The Energy Department plans to test two WEC devices at depths of 60 and 80 meters at the open-water site offshore from Marine Corps Base Hawaii in Kaneohe Bay. These projects will enable the Energy Department to evaluate technology performance, reliability and cost of energy to achieve cost-competitive wave energy deployments in the future.
The two-phase demonstration projects will focus on WEC devices in the late stages of technology development–those ready to be tested at close to full-scale in the open-ocean environment. The first phase of this funding opportunity will optimize designs and plan for the deployment and testing of WEC systems. The second phase will support permitting, fabrication, deployment, retrieval, and decommissioning of these systems after 12 months of testing and data collection.
Below are the details regarding this funding opportunity:
The Water Program is seeking applications from wave energy conversion technology developers that are in advanced stages of technology development and are prepared to design, build and test technology at close to full-scale in the ocean environment. This FOA seeks to deploy two (2) wave energy converter (WEC) systems, one at each of the Department of Navy’s Wave Energy Test Site (WETS) berths located at 60 meters and 80 meters depths in Kaneohe, HI for testing, evaluation and comparison of performance, reliability and levelized cost of energy (LCOE). This effort will provide the industry with the opportunity to test the most current and effective technology archetypes. Project results will be used to inform the Program’s research and development portfolio planning, provide data for validating design and cost models and tools, and identify deployment issues that can be addressed through government action. Through this initiative, DOE and the Navy will collect important performance and cost data, while supporting the Department of Defense’s renewable energy goals. A comprehensive set of measurements will be taken over the duration of the deployment to enable quantitative comparisons of WEC system performance and reliability. Metrics of success include annual energy production, availability, reliability, operations and maintenance cost, and overall LCOE.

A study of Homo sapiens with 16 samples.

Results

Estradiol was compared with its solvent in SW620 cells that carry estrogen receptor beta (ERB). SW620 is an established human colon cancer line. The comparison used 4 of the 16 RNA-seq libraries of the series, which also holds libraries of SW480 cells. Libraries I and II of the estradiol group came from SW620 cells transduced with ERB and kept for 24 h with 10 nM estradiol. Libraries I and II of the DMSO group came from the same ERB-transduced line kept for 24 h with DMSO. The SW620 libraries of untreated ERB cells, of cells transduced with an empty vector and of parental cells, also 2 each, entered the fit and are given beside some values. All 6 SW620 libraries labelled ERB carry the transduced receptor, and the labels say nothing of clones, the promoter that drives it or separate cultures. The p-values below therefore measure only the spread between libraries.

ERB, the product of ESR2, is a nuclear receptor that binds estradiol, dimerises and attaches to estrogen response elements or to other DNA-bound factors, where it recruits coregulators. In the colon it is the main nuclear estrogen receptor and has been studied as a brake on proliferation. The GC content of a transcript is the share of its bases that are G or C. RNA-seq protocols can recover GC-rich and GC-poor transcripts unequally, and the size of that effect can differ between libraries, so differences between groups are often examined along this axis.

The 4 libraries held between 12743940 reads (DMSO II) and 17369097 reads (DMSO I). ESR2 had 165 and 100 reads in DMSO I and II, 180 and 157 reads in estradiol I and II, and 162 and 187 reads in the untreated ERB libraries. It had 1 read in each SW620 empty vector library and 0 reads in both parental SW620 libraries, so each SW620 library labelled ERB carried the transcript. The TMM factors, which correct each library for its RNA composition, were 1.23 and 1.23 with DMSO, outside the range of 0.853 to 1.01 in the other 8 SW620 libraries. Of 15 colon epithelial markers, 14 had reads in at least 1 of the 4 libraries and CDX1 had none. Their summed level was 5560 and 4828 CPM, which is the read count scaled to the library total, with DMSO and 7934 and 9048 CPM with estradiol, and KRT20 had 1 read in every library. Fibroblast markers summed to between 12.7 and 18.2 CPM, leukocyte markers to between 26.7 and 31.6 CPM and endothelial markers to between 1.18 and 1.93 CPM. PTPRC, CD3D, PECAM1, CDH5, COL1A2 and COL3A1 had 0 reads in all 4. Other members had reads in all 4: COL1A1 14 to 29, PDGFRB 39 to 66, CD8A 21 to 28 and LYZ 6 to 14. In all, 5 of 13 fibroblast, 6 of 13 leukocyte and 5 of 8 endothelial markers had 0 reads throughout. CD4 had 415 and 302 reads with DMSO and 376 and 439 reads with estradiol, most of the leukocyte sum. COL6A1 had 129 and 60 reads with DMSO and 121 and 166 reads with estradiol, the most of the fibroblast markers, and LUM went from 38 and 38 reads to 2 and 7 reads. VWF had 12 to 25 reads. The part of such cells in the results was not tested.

The funding opportunity will be conducted in two budget periods. During Budget Period I, the recipient will plan and design the WEC system and start necessary permitting and DOE’s National Environmental Policy Act (NEPA) process for demonstration at WETS. Budget Period II activities will include final permitting, fabrication, deployment and testing of the WEC system for approximately 12 months at the Navy’s WETS.